Some months ago, in a public speech, the EU Competition Commissioner Margrethe Vestager set the antitrust radar against exploitative conducts and, particularly, against “excessive pricing” in the pharmaceutical, energy and hi-tech markets. Her words had a lot of echo in the antitrust community, since the Commission is traditionally reluctant to step against high prices, for many different reasons (essentially, it lacks of resources and expertise to define “fair” prices, if this concept really exists).
In the past days, Advocate General Wahl came back to that topic and, in response to a request for a preliminary ruling, delivered to the CJEU an opinion on the issue of “excessive pricing”. AG Wahl’s reasoning mainly relates to the market concerned by the request for a preliminary ruling, namely the licensing business of collecting societies. However, it shreds some light on one of the most economic issues of competition law, and, if the opinion is confirmed by the Court, it will provide guidance for future investigations.
The referred case
The request for a preliminary ruling was referred by the Latvian Supreme Court in relation to an antitrust case involving the Latvian collecting society (AKKA/LAA), which in its capacity as a legal monopolist in charge of granting licences for the public performance of musical works in commercial premises and service centres had been fined by the local Competition Authority for having charged excessive rates. The Latvian Competition Authority had come to the conclusion that the rates charged by AKKA/LAA to its customers (i.e.: shops, restaurants, pub) were excessively high after having compared them: (i) with the rates charged by the collecting societies of neighbouring countries and (ii) with the rates charged in other Member States taking account of a “purchasing power parity” (PPP) index based on the gross domestic product.
The legal test
AG Wahl initially recalls that the legal test developed in United Brands by the CJEU to assess whether a price is unfair imposes to determine whether there is a significant and persistent difference between the effective price charged by the dominant undertaking and the price that would have been charged in an hypothetic competitive market (“benchmark price”).
What benchmark has to be used?
AG Wahl points out that there is not a single method to define the benchmark price. For example, a comparison can be made between the sale price and the cost of production, or the price charged in the same market by the dominant undertaking and the non-dominant ones (§ 18-19). Much depends on the type of market at issue.
Having said that, AG Wahl confirms that comparing rates charged in neighbouring countries is an acceptable method if the Member States taken into account present similar features (i.e.: consumption habits, economy and citizen welfare). This was the method used in the case referred by the Latvian Supreme Court
Furthermore, AG Wahl also confirmed that it is good to combine the above described “geographic comparison” among neighbouring countries with another method which helps to enlarge the basis of countries used as a benchmark. To this end, the Advocate General writes that the use of a PPP index seems an appropriate instrument to compare the rates charged in countries with heterogeneous economic conditions (§ 92). More specifically, the application of this index equalises the purchasing power of different national currencies and permits the adjustment of data that is to be compared, according to the different price levels existing in the various countries.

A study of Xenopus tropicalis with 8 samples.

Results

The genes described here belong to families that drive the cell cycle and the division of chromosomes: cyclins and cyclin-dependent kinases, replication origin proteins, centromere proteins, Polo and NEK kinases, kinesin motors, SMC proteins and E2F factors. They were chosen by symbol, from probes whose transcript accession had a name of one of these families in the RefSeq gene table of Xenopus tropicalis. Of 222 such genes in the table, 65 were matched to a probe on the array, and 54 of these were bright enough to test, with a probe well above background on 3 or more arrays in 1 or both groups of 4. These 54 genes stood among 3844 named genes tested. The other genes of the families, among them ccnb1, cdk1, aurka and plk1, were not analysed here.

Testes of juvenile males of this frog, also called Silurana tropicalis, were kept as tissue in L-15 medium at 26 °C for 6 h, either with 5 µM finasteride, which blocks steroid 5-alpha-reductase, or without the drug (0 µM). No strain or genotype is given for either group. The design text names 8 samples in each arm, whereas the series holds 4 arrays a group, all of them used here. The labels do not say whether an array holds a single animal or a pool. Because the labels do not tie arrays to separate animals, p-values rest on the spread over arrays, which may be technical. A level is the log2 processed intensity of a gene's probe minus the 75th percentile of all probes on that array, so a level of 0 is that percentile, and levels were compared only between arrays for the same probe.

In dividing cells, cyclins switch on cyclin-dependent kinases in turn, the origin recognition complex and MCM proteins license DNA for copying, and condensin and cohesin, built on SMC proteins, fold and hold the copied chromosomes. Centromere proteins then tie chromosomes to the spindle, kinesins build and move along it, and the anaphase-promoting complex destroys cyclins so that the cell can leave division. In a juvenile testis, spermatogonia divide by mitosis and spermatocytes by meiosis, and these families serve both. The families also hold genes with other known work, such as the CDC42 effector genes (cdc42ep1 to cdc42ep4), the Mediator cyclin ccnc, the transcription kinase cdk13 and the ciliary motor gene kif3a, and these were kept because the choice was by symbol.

When is the difference between the effective price and the benchmark appreciable?
To answer this crucial question, AG Wahl starts by saying that investigations against excessive pricing should be pursued only when the competition authority has no doubt on the existence of the infringement. Indeed, the calculation of a benchmark price is a complex and uncertain calculation and the risk of judicial errors, which are considered more difficult to correct than monopolies, is very high (§ 103). Furthermore, as AG Wahl writes, competition authorities are not regulators and have no resources and expertise to define the correct price (§ 105).
That said, the difference between the effective price and the benchmark is considered appreciable by the Advocate General when there is an important deviation and the price is above the benchmark for a substantial period of time (§ 107-108). Moreover, it is also made clear that a difference in price may be more or less significant depending on the product and on the characteristics of the market (§ 111).
Further to having cleared the use of geographic comparisons and of the “PPP Index”, AG Wahl says something more: first, excessive prices are more unlikely to occur in markets where there is a sectoral regulator which controls prices charged by the undertakings active in that sector. Second, excessive pricing may occur only in regulated markets with high barriers to entry (§ 48), since in a free and competitive market high prices attract new entrants and do not give rise to competitive issues.
This last AG Wahl’s remark on legal barriers is likely to refer to those markets strongly influenced by IP rights, (i.e.: pharmaceutical and SEPs). To this end, however, it has to be noted that recently the Italian Competition Authority found liable a pharmaceutical company, Aspen, which had allegedly charged excessive prices despite not owning any patent (already expired for years), with any third party free to access that market.
In spite of the good suggestions raised by AG Wahl’s Opinion, a lot remains to be clarified (see paragraph “How much is too much?” in this article). It will be interesting to see what the CJEU will finally decide, but the sensation is that excessive pricing continues to be a slippery area for competition authorities, although it seems to be a policy target for the European Commission.